Monday, August 22, 2016

The story is ourselves

"If Sarah Canary is just what she seems, harmless, vague ..." Chin thought Sarah Canary had never seemed harmless or vague to him. Mysterious, rather. Possibly powerful. Certainly purposeful.
Karen Joy Fowler, Sarah Canary

When you make assumptions about people, assume you are wrong. That is one conclusion to be drawn from Karen Joy Fowler's mysterious, powerful and certainly purposeful 1991 novel Sarah Canary.

Sarah Canary, a name just bestowed on her because nobody knows her real name, is mute. She is a "strange and ugly white woman" who shows up in the Pacific Northwest in the 1870s. Everyone has a different idea of who or what she might be. To Chin, who has come all the way from China to work on the railroad, she seems like a ghost, and he feels somehow obligated to watch over her. Soon she is assumed to be mentally ill and, along with Chin, is locked away in an asylum. She soon escapes with Chin and B.J., another of the inmates.

Later Sarah is thought to be a wild woman raised by wolves and is made a part of a traveling show, even though audiences find her disappointingly tame. Adelaide, a suffragette, mistakes her for a woman on the run for killing her husband. Others think her a man in disguise. There is even a suggestion she could be an alien from outer space. Readers never discover who Sarah Canary really is. True to the spirit of her novel, Fowler lets us make our own assumptions and draw our own conclusions.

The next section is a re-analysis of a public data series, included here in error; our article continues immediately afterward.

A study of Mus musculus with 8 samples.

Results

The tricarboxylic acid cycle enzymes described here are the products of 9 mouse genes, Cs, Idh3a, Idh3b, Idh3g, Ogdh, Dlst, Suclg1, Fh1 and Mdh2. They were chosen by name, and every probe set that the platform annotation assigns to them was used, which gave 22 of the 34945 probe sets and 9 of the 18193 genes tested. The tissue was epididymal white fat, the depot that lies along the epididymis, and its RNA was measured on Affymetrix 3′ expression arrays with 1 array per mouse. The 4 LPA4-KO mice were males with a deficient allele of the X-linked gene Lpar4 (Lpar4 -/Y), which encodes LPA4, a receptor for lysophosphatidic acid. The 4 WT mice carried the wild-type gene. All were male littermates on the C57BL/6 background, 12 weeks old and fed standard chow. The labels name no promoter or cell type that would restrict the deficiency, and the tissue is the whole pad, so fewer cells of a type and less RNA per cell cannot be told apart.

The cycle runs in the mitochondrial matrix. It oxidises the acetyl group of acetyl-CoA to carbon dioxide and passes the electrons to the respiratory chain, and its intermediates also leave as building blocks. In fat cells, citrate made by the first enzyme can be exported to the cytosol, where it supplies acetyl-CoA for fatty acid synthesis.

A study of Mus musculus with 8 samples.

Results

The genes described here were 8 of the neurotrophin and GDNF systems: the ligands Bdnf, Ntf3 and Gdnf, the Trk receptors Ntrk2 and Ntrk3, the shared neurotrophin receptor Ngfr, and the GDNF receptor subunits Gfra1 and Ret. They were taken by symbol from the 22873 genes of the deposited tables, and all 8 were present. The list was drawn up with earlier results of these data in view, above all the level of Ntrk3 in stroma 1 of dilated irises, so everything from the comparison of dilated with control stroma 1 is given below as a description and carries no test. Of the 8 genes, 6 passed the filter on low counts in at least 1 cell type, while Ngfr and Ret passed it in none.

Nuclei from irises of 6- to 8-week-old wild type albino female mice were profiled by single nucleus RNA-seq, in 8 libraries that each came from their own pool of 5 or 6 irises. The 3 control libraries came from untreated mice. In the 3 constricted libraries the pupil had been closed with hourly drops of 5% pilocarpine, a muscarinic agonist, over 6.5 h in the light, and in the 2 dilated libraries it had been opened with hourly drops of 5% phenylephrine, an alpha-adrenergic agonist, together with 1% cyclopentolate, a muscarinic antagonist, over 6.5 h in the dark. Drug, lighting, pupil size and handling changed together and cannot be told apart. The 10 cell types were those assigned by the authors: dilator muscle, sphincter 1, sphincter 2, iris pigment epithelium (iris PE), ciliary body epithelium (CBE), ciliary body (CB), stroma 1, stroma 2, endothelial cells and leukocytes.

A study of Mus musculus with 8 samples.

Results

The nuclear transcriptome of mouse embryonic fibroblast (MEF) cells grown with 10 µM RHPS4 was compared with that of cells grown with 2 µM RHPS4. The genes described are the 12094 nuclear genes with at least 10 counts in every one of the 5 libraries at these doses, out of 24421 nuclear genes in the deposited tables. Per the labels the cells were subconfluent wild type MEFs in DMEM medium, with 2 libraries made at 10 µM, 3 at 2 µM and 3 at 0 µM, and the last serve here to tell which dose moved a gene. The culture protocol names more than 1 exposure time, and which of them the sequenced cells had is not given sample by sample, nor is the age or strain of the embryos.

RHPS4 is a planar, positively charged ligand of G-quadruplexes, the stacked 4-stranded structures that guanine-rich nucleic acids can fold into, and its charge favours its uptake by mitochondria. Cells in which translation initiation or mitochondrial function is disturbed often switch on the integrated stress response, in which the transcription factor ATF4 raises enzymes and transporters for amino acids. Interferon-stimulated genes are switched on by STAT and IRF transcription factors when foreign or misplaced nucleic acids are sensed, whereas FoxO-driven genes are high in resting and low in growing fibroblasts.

Yet Fowler's novel is more than a satire on people's misconceptions about other people. It could be viewed as a philosophical treatise on reality itself. Consider the following lines near her conclusion:

"What we say occupies a very thin surface, like the skin over a body of water. Beneath this, through the water itself, is what we see, sometimes clearly if the water is calm, sometimes vague if the water is troubled, and we imagine this vision to be the truth, clear or vague. But beneath this is yet another level. This is the level of what is and this level has nothing to do with what we say or what we see."

And a few pages later:

"We listen to stories and forget that the listening also tells the story. The story we hear is ourselves. We are the only ones who can hear it."

Thus, what I see and hear is not what you see and hear, even if we are in the same place at the same time. It helps explain political differences, religious differences and, in fact, the differences that create every division, every argument, every war. It also explains the power of literature itself. What I read in a story, including this story, is not at all what you will read.